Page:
Humanitarian aid urgently needed in Myanmar

Humanitarian aid urgently needed in Myanmar
Destroyed buildings after fighting by Yevhen Sukhenko, via Pexels, 2022/May 16th


Pauliina Majasaari

Human Rights Researcher

Global Human Rights Defence


On November 16th, 2023, the Myanmar military forces (Tatmadaw) conducted two attacks in the town of Pauktaw, Rakhine State of Myanmar, with horrifying consequences on the civilians living in these towns.[i] Tens of thousands of persons were forced to flee their homes, had their homes destroyed, and resulted in multiple deaths and injuries of civilians.

Rising tensions have been present between the Myanmar military forces as well as three ethnic armed organisations, The Arakan Army of the Arkanese ethnic minority, the Myanmar National Democratic Alliance Army of the Kokang ethnic minority of Han-Chinese and the Ta’ang National Liberation Army of the Ta’ang ethnic minority, which have been spiralling out of control since October 27th 2023.[ii] The organised non-state armed forces have been conducting coordinated attacks on military posts under the name of ‘Operation 1027’ to act in offence to the Tatmadaw, which are being referred to as the heaviest clashes since the coup in 2021.[iii] In 2021, The Tatmadaw declared a state of emergency in Myanmar and overthrew the newly elected government of the National League for Democracy as the majority party, invalidating the results of the election.[iv] For many years the Tatmadaw has been holding dominant political control over the country, however it nearly lost its dominant position within the 2020 elections.[v] The mentioned military takeover led to nationwide protests and demonstrations which resulted in many deaths of civilians.[vi]  

The Fourth Geneva Convention protects civilians within armed conflicts.[vii] According to the common Article 3 to the Geneva Conventions, within armed conflicts that are not of international character, acts, such as violence to life and person, taking of hostages, and humiliating and degrading treatment towards persons not actively taking part in the hostilities are prohibited.[viii] In the morning of November 16th, Myanmar’s military started by firing from air into the town of Pauktaw and after told all civilians to leave within an hour.[ix] Not all were able to flee within the given timeframe, especially some elderly and disabled people.[x] According to witnesses, the second, afternoon, attack was more gruesome, the military was firing from air and sea as well as inside the town.[xi] Those who took refuge in an nearby compound, were later found by the military and arrested, while some were shot to death.[xii] Over the next night, the arrested civilians were forced to stay in the heavy rain all night and being locked into the compound with no food or water.[xiii] Therefore, a violation of the common Article 3 is present, as the Tatmadaw soldiers were acting with violence towards the civilians which has led to the loss of life, the civilians were kept as hostages as they were arrested without cause and kept locked inside a building with no possibility to escape, and lastly withholding water and food and exposing the civilians to extreme weather conditions, amounted to inhumane and degrading treatment.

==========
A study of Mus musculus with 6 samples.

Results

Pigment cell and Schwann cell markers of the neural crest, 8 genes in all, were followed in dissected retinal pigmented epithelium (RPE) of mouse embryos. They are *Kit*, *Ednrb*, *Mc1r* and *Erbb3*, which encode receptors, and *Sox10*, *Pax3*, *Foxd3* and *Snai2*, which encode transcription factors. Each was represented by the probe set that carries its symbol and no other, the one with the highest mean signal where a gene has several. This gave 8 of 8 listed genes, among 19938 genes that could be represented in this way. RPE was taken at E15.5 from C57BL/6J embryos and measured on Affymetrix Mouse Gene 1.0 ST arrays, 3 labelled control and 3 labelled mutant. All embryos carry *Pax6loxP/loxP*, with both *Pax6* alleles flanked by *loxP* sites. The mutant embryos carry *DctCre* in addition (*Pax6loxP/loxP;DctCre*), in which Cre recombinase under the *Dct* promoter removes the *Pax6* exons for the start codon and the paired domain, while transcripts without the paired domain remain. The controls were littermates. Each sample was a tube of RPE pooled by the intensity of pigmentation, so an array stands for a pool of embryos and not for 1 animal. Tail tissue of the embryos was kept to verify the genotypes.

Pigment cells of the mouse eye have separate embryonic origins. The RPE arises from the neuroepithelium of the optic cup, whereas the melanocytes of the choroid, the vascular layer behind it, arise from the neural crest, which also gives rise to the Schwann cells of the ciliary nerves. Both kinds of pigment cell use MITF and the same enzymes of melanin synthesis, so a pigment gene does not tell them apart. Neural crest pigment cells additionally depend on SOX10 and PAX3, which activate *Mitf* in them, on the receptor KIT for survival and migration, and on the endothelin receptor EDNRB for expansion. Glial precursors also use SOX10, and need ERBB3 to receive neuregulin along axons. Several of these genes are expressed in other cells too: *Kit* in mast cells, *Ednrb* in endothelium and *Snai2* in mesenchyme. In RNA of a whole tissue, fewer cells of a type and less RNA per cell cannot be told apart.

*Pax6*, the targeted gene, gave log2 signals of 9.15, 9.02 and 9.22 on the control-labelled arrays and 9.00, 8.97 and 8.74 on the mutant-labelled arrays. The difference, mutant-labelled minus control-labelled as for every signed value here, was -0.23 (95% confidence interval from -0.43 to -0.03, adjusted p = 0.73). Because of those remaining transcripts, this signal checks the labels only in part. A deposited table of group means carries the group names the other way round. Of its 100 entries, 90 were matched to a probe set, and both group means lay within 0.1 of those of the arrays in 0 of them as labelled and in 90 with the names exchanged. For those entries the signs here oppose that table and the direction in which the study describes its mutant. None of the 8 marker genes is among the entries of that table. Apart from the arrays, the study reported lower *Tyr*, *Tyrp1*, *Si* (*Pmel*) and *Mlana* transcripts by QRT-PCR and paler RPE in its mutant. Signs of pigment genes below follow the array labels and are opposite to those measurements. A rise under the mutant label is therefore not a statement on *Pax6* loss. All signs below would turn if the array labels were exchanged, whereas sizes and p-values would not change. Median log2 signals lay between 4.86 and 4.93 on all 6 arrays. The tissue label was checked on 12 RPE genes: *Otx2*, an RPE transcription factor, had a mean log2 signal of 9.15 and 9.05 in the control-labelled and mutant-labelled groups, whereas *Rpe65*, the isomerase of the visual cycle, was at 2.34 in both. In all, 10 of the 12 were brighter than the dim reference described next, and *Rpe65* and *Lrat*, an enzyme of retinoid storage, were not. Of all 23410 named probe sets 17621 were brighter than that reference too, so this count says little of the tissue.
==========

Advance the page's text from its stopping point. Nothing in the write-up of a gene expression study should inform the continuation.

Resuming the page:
Based on concerns raised by the international community in relation to the violent attacks conducted by the Tatmadaw, it is necessary to call on the State of Myanmar to stop the atrocities taking place towards the civilians and to abide by the rules on protecting civilians within non-international armed conflicts for being a State party to the Fourth Geneva Convention.[xiv] Additionally as stated by various actors on the international level, Myanmar is urged to allow humanitarian aid to be delivered to the civilians who have been forced to flee their homes and having little to no access to healthcare, food, water or shelter.[xv]


[i] Amnesty International, ‘Myanmar: Military should be investigated for war crimes in response to ‘Operation 1027’’ (Amnesty International, December 21st 2023) <> accessed February 15th 2024.

[ii] ibid.

[iii] ibid.

[iv] Angela Clare, ‘The Myanmar coup: a quick guide’ (Commonwealth of Australia, July 2nd 2021)  <> accessed February 15th 2024.

[v] ibid.

[vi] ibid.

[vii] Geneva Convention relative to the protection of civilian persons in time of war (adopted 12 august 1949, entered into force 21 October 1950) 75 UNTS 287 (Fourth Geneva Convention).

[viii] Fourth Geneva Convention, Article 3 (1) (a) – (c).

[ix] Amnesty International, ‘Myanmar: Military should be investigated for war crimes in response to ‘Operation 1027’’(Amnesty International, December 21st 2023) <> accessed February 15th 2024.

[x] ibid.

[xi] ibid.

[xii] ibid.

[xiii] ibid.

[xiv] Volker Turk ‘Myanmar: High Commissioner details severe violations amid shocking violence’ (UN Human Rights Office of the High Commissioner, March 6th 2023) <> accessed February 15th 2024.

[xv] Lisa Hastert, ‘5 things you need to know about Myanmar’s humanitarian crisis’ (European Commission, January 31st 2024) <> accessed February 15th 2024.